Background: Electronic Health Records (EHRs) contain a wealth of information useful for studying clinical phenotype-genotype relationships. Severity is important for distinguishing among phenotypes; however other severity indices classify patient-level severity (e.g., mild vs. acute dermatitis) rather than phenotype-level severity (e.g., acne vs. myocardial infarction). Phenotype-level severity is independent of the individual patient's state and is relative to other phenotypes. Further, phenotype-level severity does not change based on the individual patient. For example, acne is mild at the phenotype-level and relative to other phenotypes. Therefore, a given patient may have a severe form of acne (this is the patient-level severity), but this does not effect its overall designation as a mild phenotype at the phenotype-level.
Methods: We present a method for classifying severity at the phenotype-level that uses the Systemized Nomenclature of Medicine - Clinical Terms. Our method is called the Classification Approach for Extracting Severity Automatically from Electronic Health Records (CAESAR). CAESAR combines multiple severity measures - number of comorbidities, medications, procedures, cost, treatment time, and a proportional index term. CAESAR employs a random forest algorithm and these severity measures to discriminate between severe and mild phenotypes.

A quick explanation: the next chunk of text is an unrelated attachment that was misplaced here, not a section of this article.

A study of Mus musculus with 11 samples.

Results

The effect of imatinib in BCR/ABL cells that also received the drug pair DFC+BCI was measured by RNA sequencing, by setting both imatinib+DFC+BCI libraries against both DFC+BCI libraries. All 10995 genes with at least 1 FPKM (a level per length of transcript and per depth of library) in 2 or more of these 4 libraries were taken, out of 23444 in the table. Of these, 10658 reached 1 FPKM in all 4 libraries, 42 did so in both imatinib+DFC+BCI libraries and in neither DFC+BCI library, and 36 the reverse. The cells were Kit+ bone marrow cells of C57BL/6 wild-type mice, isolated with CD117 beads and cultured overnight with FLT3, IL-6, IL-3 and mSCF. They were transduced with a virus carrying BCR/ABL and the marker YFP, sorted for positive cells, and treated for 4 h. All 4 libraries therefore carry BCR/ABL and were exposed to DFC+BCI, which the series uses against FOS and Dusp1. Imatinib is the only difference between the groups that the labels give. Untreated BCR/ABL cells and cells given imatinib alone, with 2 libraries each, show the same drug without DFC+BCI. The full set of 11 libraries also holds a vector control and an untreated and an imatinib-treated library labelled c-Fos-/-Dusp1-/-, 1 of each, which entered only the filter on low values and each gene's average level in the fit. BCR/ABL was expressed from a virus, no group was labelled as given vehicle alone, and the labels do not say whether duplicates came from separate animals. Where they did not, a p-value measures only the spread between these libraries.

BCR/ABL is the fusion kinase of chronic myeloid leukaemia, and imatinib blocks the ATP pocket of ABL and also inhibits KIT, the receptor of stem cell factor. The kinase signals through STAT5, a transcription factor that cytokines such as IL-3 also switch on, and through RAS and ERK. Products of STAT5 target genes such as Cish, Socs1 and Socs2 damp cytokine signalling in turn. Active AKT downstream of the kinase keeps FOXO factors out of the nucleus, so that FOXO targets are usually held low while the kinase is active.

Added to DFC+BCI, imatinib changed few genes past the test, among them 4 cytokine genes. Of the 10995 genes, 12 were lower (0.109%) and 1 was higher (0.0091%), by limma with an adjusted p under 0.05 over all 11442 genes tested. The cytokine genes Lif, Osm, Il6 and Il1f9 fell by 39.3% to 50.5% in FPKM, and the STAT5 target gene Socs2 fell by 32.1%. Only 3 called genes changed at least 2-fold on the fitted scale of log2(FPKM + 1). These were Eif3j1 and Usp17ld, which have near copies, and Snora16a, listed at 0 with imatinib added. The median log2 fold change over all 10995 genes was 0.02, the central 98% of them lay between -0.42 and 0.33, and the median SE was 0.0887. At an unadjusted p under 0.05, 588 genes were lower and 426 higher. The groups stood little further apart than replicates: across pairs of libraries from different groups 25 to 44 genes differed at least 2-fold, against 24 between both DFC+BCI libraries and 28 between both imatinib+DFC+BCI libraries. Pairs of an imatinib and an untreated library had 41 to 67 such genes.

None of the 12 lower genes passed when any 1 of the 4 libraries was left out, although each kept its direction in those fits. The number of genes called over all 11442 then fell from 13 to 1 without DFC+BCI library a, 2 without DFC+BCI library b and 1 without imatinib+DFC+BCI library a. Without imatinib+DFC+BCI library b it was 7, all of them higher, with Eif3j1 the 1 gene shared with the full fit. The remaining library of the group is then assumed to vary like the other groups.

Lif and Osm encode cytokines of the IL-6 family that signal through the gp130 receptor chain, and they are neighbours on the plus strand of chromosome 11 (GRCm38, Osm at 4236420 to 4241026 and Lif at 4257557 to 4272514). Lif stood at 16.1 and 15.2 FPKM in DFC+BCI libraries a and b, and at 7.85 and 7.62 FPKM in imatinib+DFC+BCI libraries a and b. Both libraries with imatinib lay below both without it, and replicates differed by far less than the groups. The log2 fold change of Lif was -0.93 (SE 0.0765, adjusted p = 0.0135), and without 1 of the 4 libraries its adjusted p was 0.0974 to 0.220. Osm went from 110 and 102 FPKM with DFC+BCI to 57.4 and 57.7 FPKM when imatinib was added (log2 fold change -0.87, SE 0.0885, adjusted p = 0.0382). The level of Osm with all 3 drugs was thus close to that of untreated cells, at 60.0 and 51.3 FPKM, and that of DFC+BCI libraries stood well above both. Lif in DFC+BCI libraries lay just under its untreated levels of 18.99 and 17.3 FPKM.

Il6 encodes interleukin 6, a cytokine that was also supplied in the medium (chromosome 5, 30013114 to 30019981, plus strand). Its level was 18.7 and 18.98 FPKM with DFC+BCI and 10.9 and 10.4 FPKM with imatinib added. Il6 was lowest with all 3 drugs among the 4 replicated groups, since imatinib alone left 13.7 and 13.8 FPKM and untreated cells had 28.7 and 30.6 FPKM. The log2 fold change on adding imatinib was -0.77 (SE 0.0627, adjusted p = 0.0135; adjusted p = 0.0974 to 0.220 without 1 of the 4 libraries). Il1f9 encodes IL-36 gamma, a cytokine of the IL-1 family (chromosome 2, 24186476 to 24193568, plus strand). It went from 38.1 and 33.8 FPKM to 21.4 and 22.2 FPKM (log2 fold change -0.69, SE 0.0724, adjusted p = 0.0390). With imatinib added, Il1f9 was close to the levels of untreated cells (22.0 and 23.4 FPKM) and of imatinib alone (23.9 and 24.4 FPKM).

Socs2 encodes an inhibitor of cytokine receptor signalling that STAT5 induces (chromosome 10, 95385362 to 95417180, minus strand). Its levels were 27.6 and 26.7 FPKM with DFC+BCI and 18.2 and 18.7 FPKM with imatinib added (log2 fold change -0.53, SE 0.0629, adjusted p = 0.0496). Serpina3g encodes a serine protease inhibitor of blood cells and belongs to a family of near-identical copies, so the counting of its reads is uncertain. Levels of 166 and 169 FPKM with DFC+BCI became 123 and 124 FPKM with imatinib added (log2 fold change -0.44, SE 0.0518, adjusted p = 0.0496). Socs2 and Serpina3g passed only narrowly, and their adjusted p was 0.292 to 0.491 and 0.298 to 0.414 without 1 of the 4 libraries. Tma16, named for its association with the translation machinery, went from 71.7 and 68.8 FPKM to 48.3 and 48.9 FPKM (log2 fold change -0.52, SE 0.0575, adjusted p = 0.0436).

Results: Using a random forest algorithm and these severity measures as input, CAESAR differentiates between severe and mild phenotypes (sensitivity = 91.67, specificity = 77.78) when compared to a manually evaluated reference standard (k = 0.716).
Conclusions: CAESAR enables researchers to measure phenotype severity from EHRs to identify phenotypes that are important for comparative effectiveness research.
Keywords: Data mining; Electronic Health Records; Health status indicators; Outcome assessment (Health Care); Phenotype.